When Apple ships its iPhone 2.0 update - and the accompanying App Store for distributing third-party software for the phone - you won't have to wait too long for native iPhone apps built by Google programmers. "We expect to have applications at Day One," said Vic Gundotra, Google's vice president of engineering.
Google's Map application has been a showcase feature for Apple's iPhone.
Then again, that's hardly a surprise for iPhone users - Google's contributions have been a part of the iPhone since the mobile device was unveiled. Google's Maps feature played a central role of Steve Jobs' first iPhone demo at the January 2007 Macworld Expo. When the phone shipped that June, it included an application for accessing and viewing videos from Google-owned YouTube. Since the phone's launch, Google debuted an optimized web-based app that makes tools like Gmail, Calendar, Reader, and others available to iPhone users who go to www.google.com via the phone's Safari browser.
Google has certainly benefitted from its close ties with the iPhone, which Gundotra calls "the pre-eminent phone in the world." And the phone's initial reliance on web-based apps certainly fell right in Google's wheelhouse.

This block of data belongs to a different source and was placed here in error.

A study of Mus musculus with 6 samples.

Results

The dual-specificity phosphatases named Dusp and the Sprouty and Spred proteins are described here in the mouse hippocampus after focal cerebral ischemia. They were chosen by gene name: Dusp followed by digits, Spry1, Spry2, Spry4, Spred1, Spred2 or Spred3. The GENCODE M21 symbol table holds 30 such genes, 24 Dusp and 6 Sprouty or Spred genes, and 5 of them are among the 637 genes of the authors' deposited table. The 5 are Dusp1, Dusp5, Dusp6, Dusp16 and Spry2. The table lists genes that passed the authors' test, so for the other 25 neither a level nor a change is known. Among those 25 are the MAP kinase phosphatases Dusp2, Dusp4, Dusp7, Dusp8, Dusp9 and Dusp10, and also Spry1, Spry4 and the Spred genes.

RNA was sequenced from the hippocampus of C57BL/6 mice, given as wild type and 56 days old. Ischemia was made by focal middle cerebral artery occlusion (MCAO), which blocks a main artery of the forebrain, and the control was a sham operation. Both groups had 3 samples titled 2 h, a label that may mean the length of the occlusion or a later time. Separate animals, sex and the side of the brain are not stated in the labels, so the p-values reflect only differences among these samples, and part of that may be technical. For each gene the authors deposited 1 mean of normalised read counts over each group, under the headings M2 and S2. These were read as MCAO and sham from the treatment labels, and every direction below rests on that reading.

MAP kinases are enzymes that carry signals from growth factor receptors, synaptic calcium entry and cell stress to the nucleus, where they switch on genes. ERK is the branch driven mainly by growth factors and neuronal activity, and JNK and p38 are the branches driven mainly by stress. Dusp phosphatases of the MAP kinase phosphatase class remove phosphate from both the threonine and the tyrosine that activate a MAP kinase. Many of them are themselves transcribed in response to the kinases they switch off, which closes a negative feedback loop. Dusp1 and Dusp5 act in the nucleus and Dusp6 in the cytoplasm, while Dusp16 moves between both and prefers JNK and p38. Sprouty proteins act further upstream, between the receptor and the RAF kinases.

But the way Gundotra sees it, the entire mobile industry stands to benefit from what Apple has done with the iPhone.
"Google has many web-based applications we would like to be available in mobile form, but we have two challenges," Gundotra said. "The mobile platform is not as technology capable as the desktop. And the mobile platform is unbelievably fragmented." Unlike desktop computing, which features a few dominant browsers, the mobile world is a mishmash of incompatible formats, forcing developers to create separate versions of their programs for each platform.
Apple addressed that with the mobile version of Safari, which Gundotra hailed as "a better mobile browser than anyone had ever delivered before." And Gundotra believes other phone makers will follow Apple's lead and adopt WebKit-based browsers of their own, tackling the problem of fragmentation in the mobile phone market.
"Apple's leadership will benefit not just the iPhone, but will make all mobile browsers better," Gundotra said.
In the mean time, Google is turning its attention to building native programs for the iPhone with the software development kit announced by Apple in March. While not divulging the specifics of what Google is planning, Gundotra says the company is eager to take advantage of access to the native device. It also plans to continue offering Web-based apps, which offer the advantage of continuous updates and improvements.
"It's the best of both worlds," Gundotra said.